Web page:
The Love Diversity – Moh Dediouf (reviewed by Dave Franklin)

There was a time when the term “world music” seemed to be a pointless label. It was used to describe everything from Classic Indian music to Bulgarian folk choirs, Latin salsa bands to Australian aboriginal sounds; as a phrase, it was so broadly stretched as to be almost meaningless.

But as we moved into the modern world, the term started to stand for something else. It was more and more applied to nomadic artists, ones who travelled the world mixing the music of their homeland with the new cultures that they found themselves surrounded by. As such creatives travelled, explored and merged, so did their music. Today’s world musician is as broadminded, genre-blending and wide-ranging as anyone to me found in music, soaking up influences from country, culture and creed like a sponge and using those to create music that is truly music of the world. Moh Dediouf is just such an artist.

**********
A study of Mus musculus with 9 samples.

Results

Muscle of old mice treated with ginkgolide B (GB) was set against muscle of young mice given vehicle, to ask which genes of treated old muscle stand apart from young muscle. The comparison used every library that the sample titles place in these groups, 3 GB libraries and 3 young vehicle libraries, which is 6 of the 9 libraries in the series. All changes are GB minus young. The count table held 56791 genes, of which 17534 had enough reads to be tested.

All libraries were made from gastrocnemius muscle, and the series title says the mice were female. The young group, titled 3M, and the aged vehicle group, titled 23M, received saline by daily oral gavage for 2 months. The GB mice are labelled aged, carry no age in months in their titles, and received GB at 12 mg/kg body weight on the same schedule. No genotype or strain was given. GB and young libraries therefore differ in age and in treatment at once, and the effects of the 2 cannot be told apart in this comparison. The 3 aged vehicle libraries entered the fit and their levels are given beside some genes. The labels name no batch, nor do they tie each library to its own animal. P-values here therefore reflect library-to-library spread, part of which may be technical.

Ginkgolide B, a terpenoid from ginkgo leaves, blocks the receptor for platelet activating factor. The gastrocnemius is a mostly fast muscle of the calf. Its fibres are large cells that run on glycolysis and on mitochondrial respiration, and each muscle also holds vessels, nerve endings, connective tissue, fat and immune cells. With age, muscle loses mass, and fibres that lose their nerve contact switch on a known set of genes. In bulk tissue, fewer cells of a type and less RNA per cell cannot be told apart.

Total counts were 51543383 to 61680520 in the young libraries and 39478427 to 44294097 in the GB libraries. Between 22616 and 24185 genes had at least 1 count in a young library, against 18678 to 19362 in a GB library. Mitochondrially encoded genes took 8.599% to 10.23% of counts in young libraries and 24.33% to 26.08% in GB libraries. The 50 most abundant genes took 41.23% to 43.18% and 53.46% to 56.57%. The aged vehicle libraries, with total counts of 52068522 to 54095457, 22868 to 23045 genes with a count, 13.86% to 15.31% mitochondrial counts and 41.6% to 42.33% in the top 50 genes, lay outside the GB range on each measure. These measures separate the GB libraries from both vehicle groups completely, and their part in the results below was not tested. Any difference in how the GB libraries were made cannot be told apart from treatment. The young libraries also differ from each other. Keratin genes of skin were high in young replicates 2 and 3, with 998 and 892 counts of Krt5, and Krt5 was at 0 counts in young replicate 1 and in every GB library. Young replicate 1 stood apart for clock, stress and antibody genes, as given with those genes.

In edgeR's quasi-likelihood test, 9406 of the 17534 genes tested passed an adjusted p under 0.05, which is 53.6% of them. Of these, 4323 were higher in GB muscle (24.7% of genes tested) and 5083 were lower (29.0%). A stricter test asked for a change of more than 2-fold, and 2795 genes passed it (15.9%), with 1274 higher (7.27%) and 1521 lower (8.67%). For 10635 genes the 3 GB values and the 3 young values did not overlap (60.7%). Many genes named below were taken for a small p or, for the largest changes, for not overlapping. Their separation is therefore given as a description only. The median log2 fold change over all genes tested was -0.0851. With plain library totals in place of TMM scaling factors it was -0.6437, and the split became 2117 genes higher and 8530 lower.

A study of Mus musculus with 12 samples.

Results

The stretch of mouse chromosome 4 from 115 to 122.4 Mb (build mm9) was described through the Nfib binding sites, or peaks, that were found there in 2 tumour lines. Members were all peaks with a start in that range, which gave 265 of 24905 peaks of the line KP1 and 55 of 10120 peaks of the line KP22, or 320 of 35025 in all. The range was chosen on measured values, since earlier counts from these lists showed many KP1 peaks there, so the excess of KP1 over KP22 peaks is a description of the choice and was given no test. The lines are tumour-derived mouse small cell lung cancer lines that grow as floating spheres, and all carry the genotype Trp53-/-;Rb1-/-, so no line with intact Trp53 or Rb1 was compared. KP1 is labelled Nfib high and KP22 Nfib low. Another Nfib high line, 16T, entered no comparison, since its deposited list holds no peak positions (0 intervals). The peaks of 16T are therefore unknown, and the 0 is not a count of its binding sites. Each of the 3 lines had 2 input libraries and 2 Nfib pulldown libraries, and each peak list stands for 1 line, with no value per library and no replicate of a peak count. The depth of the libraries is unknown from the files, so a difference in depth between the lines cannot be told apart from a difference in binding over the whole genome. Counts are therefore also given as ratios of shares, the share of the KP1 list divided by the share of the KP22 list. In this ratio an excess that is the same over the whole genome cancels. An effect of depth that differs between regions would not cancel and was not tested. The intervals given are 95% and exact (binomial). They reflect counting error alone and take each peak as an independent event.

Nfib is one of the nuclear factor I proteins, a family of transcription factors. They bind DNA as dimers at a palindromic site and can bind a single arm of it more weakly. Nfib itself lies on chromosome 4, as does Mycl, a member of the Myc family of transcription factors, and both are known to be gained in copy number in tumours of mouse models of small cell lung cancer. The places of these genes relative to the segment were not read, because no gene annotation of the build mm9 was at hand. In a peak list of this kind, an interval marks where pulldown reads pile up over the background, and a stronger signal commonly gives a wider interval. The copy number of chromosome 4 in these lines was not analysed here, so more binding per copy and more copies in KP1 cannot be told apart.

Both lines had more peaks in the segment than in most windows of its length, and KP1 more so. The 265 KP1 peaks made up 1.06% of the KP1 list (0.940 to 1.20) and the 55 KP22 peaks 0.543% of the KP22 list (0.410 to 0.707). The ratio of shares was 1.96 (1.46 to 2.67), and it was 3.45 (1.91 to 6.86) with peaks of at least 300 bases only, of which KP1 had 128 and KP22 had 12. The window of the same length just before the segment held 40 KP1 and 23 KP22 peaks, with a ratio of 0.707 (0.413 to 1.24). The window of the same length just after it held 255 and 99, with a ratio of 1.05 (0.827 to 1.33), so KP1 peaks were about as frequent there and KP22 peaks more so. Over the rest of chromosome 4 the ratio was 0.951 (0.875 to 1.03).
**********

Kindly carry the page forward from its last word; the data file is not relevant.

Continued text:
Often called The Picasso of African Music, Moh Dediouf‘s latest album is a heady blend of the musical traditions of Senegal and the sounds of western soul, pop, dance and jazz, a reflection of his formative years spent in everywhere from Dakar to Europe to The US. Cultures both clash and compliment each other and the result is glorious.

Aidaaa runs on an intoxicating groove, and the song seems to have one foot in homespun Afro-Beat vibes and the other in a sort of soulful, R&B groove, albeit one delivered through a very different filter than that which we are normally presented with. Remix Dakar is rich with exotic sounds and gorgeous dance rhythms and Touba Lovers is intoxicating in its otherworldliness, at least to my less well travelled western ears.

Moh Dediouf is a truly modern artist, one who is able to surf musical genres as easily as he steps over geographical borders and the resulting blend of location and sound is something that could only exist in the fluid and culturally diverse world of today.